Tuesday, December 03, 2013

Impaired Driving, In the News, and Enjoy

Impaired Driving - While journeying to mine office this morning, I narrowly escaped being crashed into by a woman who had a cell phone held firmly against her right ear, driving with her left hand on the steering wheel, obviously giving most of her attention to the conversation she was having, and giving precious little attention to her driving.

Had I been less attentive, had I been similarly impaired, or had Mr. Nitro R/T been incapable of summoning the requisite performance and agility to quickly distance me from this creature, I would most certainly been an accident victim!

Fortunately, I was able to avoid being struck by this loathsome beast and suffered only the unsettling emotional discomfort that followed necessarily.

Once the immediacy of potential collision had passed, I pulled to the side of the street, parked, and attempted to note her license plate number. Traffic did not allow me to do so, so this event will not be reported.

Impaired driving is dangerous. It is the cause of more than half of all car crashes. Impaired driving is operating a motor vehicle while you are affected by any of the following:

  • Alcohol
  • Legal or illegal drugs
  • Sleepiness
  • Distractions, such as using a cell phone or texting
  • Having a medical condition which affects your driving

    For your safety and the safety of others, do not drive while impaired. Have someone else drive you or take public transportation when you cannot drive. If you need to take a call or send a text message, pull to the side of the roadway and park while using your cell phone.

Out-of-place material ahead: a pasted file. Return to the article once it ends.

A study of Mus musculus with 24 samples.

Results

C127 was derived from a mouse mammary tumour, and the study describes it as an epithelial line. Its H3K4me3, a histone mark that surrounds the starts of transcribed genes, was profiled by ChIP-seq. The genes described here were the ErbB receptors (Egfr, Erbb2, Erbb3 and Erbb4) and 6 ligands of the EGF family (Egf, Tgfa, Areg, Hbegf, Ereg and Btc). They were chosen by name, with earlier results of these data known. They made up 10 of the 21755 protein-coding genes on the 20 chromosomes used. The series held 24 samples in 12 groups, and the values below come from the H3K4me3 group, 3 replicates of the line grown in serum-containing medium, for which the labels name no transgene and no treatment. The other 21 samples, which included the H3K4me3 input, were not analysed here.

According to the AAA Foundation for Traffic Safety, Americans spend about one hour and 15 minutes in their vehicles every day.

    People often treat this as a time to multitask and tend other daily activities. With today’s proliferation of mobile devices, dashboard technologies, and other tools that provide easy access to information, entertainment, and communications, in-vehicle distractions are increasing.

    Studies show that drivers spend more than half their time behind the wheel engaged in potentially distracting behavior.

    When you are driving, you are operating a piece of heavy machinery at high speed. You are navigating across changing terrain, calculating speeds and distances, and responding to all the other drivers and obstacles around you. Adding one more activity—even talking to your passengers or changing a radio station—can be enough to make you lose control of your vehicle or fail to respond in an emergency.

    In the News - They walk among us!

  • Amazon Drones Face Hurdles to Get Off the Ground
  • City Shuts Down 11-Year-Old Selling Mistletoe to Fund Braces
  • New Toll: TOLL: Trucks Must Pay $102 to Cross Bridge Into NYC
  • Man Moves Into House While Family Is Away, Changes Locks, Claims He Owns It Through "Quiet Title"

    Enjoy - Relax and enjoy these images and videos!